The Ivory Coast government, political parties and rebels have begun peace talks this week in France. They hope to end four months of armed conflict in the West African country. Together, the three rebel groups control the northern half of Ivory Coast. The rebels have demanded the resignation of President Laurent Gbagbo as well as new elections.

Venezuelan soldiers loyal to President Hugo Chavez have seized automatic weapons, rifles and anti-riot equipment from Caracas police loyal to the city's opposition mayor. Tuesday's military action comes amid a long-running anti-government strike aimed at forcing President Chavez to resign. The strike has paralyzed Venezuela's vital oil industry and boosted world oil prices.

In Rwanda the government has begun to release as many as 40,000 genocide suspects from its jails as a means of relieving overcrowding. Most of them are suspected of involvement in the country's 1994 genocide, in which Hutu extremists murdered some 800-thousand ethnic Tutsis and moderate Hutus.

A leading human rights group says China took advantage of the war on terrorism and a transfer of power last year to implement highly repressive policies. The annual report from the New York-based Human Rights Watch cites allegations of a harsh crackdown on ethnic Uighur Muslims in northwestern Xinjiang region, as well as the stifling of religious freedom in Tibet. China's Foreign Ministry condemned the Human Rights Watch report, calling the allegations groundless.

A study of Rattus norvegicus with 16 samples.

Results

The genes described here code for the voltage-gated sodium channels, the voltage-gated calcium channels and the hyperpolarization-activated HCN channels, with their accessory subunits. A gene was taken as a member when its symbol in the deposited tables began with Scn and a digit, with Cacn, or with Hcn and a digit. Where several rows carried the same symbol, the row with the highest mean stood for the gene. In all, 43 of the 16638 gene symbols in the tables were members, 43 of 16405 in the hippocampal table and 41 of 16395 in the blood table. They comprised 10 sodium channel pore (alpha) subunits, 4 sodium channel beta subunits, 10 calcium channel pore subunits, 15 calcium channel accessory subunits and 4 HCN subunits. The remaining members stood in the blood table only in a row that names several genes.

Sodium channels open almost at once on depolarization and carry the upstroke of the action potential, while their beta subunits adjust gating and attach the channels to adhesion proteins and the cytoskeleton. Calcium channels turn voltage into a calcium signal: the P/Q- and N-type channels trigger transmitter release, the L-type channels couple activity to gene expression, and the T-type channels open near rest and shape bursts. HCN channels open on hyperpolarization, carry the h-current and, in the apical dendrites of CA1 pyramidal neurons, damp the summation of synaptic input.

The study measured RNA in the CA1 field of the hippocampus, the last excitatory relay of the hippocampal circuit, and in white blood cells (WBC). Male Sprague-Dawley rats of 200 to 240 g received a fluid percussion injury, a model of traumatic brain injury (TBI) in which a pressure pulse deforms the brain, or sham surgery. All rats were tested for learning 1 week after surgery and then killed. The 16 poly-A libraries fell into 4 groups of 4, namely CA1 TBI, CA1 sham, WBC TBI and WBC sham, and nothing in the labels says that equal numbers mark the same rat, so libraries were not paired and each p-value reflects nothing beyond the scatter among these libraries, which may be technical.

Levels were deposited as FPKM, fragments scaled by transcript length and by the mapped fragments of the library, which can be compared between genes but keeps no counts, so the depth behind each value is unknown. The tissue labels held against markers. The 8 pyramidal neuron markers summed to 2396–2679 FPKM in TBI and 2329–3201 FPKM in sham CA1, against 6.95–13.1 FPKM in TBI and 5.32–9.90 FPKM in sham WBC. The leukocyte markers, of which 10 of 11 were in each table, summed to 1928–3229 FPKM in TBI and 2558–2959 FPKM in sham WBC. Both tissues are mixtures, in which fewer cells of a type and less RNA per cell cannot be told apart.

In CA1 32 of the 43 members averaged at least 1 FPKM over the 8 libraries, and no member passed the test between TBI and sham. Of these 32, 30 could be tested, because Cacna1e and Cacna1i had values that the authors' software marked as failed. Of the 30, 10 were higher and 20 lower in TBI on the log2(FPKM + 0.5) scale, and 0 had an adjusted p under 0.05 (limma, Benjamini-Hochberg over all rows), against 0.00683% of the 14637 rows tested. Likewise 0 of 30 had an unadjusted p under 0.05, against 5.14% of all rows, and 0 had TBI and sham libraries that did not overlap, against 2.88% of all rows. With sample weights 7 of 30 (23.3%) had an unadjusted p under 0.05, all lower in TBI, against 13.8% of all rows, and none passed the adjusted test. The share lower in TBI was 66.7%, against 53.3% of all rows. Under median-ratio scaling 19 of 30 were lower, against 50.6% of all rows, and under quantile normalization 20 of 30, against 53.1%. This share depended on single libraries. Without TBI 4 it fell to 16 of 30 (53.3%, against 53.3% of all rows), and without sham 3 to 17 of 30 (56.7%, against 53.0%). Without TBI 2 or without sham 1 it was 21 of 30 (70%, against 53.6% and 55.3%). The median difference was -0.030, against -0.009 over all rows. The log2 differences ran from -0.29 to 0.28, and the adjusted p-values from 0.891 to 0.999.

Human Rights Watch also said the United State's focus on fighting terrorism is undermining its leadership as an advocate of human rights. The review said the United States hurts the global human rights cause when it overlooks abuses by some of is anti-terrorism allies. A White House spokesman disagreed with the reports’ assertion saying that many people who were once oppressed are now free thanks to the U.S and its allies.

A British-sponsored conference on the Middle East peace process has ended with a Palestinian pledge to draft a democratic constitution and renounce violence. British Foreign Secretary Jack Straw said one of the goals of the meeting was to accelerate reform within the Palestinian Authority. The Palestinians agreed to draw up a new draft constitution by the end of January.

Finally, Turkish and Greek Cypriot leaders are meeting today for talks on a United Nations plan aimed at resolving the decades-long division of the island. Tuesday, tens of thousands of Turkish Cypriots rallied in Nicosia to urge their leaders to support the U.N. plan.